There is an “urgent” need for investment in transport schemes in the north of England, the cross-party Commons transport select committee has claimed.
Committee chairman Louise Ellman has called for a fully integrated economic development strategy for transport investment to even out regional disparities across the country.
The government must publish a White Paper on its transport strategy, explaining in particular how its spending on transport will deliver economic growth and development, says the cross-party transport select committee in its latest report. Such a strategy must set objectives for all transport spending and explain the criteria ministers will use to decide between different claims on limited financial resources.
It said that regional imbalances could get worse if the problem is not addressed soon.
“The government must do more to correct regional disparities in transport investment,” said Labour MP for Liverpool Riverside Ellman.
“Transport spending in London for 2008/09 was almost twice the UK average per capita and with schemes like Crossrail this trend looks set to continue.”
“The economic recession has however had a bigger impact in the north so there is an urgent need for increased investment in transport schemes within and between northern cities - such as the Northern Hub rail scheme - in order to boost their capacity for economic growth,” she said.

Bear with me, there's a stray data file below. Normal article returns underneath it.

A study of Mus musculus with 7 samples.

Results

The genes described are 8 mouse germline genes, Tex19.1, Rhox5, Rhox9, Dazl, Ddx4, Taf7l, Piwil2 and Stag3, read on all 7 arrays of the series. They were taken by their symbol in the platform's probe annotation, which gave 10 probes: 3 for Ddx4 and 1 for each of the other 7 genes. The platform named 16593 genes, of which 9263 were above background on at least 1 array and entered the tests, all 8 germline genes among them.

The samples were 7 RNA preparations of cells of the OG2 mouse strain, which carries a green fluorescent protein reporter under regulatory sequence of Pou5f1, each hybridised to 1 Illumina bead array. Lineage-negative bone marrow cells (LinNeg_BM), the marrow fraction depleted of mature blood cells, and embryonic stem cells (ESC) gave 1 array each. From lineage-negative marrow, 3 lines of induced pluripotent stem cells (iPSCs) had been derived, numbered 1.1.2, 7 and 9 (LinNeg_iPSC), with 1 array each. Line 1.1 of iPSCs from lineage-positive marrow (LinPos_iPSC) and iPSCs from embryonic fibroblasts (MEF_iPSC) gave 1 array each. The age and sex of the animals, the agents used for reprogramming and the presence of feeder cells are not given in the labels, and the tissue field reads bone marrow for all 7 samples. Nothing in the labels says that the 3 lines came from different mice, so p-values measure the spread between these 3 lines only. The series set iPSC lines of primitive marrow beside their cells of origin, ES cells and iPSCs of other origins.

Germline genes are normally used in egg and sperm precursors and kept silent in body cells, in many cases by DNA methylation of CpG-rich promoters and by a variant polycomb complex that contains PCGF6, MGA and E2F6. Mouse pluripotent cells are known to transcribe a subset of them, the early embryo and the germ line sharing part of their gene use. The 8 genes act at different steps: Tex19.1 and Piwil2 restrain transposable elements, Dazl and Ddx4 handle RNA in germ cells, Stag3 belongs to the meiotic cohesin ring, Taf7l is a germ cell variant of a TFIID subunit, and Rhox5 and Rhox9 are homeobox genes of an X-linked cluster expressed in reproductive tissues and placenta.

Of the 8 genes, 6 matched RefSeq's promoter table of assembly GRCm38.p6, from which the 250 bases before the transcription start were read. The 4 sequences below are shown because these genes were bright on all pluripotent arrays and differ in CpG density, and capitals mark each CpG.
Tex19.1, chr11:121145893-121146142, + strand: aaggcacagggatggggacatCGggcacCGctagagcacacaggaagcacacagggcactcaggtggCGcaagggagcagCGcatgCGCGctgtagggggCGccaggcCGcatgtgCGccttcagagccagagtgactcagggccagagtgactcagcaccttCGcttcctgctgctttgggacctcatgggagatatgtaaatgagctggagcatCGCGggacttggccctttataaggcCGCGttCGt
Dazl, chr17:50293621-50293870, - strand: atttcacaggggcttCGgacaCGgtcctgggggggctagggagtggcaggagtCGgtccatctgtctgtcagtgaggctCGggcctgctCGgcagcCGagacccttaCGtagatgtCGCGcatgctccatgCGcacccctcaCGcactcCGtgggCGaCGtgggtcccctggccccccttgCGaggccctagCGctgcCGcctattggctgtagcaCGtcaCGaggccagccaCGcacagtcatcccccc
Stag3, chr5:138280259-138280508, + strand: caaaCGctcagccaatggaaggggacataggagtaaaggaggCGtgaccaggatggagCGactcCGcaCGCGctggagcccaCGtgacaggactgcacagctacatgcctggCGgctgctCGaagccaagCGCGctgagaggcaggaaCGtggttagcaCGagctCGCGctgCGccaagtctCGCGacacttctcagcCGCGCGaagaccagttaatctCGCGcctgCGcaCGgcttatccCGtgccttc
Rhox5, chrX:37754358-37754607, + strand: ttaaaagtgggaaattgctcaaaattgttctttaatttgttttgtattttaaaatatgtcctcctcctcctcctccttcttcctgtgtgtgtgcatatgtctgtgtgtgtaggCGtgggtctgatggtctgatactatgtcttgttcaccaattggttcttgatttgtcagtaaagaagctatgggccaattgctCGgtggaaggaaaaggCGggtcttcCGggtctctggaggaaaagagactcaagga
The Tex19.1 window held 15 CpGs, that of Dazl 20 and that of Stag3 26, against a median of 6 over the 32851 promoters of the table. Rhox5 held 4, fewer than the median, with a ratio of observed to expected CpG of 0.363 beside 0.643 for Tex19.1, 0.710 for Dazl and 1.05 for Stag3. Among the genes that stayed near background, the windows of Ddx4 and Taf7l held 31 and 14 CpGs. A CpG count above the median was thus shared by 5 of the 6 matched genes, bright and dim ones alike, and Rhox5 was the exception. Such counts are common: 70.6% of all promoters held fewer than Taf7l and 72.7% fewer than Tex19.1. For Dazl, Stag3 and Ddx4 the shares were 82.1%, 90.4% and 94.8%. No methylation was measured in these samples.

The report also highlights concerns over the way the regional planning system has been radically altered under the new coalition government.
“The current Government has swept away the regional tier of planning and many institutions that played a key role in the development of strategic priorities for transport spending in support of economic development. This has created a vacuum that has left regions without the institutions and arrangements they need to plan and prioritise sub-national transport schemes and other significant transport infrastructure,” said Ellman.
“We have been told that groups of Local Enterprise Partnerships and ‘other arrangements’ may fill the transport gap left by the abolition of regional bodies. Yet many of these LEPs are either barely formed or have yet to be established. Arrangements for transport – we have learned - may not be in place until the end of this Parliament. This delay is likely to weaken decision making and widen the economic divisions between regions,” she said.
The committee also urged the government to make its appraisal and decision-making process for transport developments more transparent. It should also provide a formal statement about the regeneration benefits of proposed schemes, it said.
The Department for Transport’s New Approach To Appraisal process, which plays such a major role in deciding which transport schemes get government funding, is highly controversial.
Small schemes, including sustainable transport projects, may be cut disproportionately under new transport funding arrangements. It is unclear whether the Local Sustainable Transport Fund will reverse this trend.
Short-term cuts to road maintenance may increase long-term costs.
No one transport mode or type of scheme will deliver economic growth to every part of England. National government is not well placed to decide what is best for a local area and the Government should consider raising the threshold for government approval and appraisal of locally-determined transport schemes.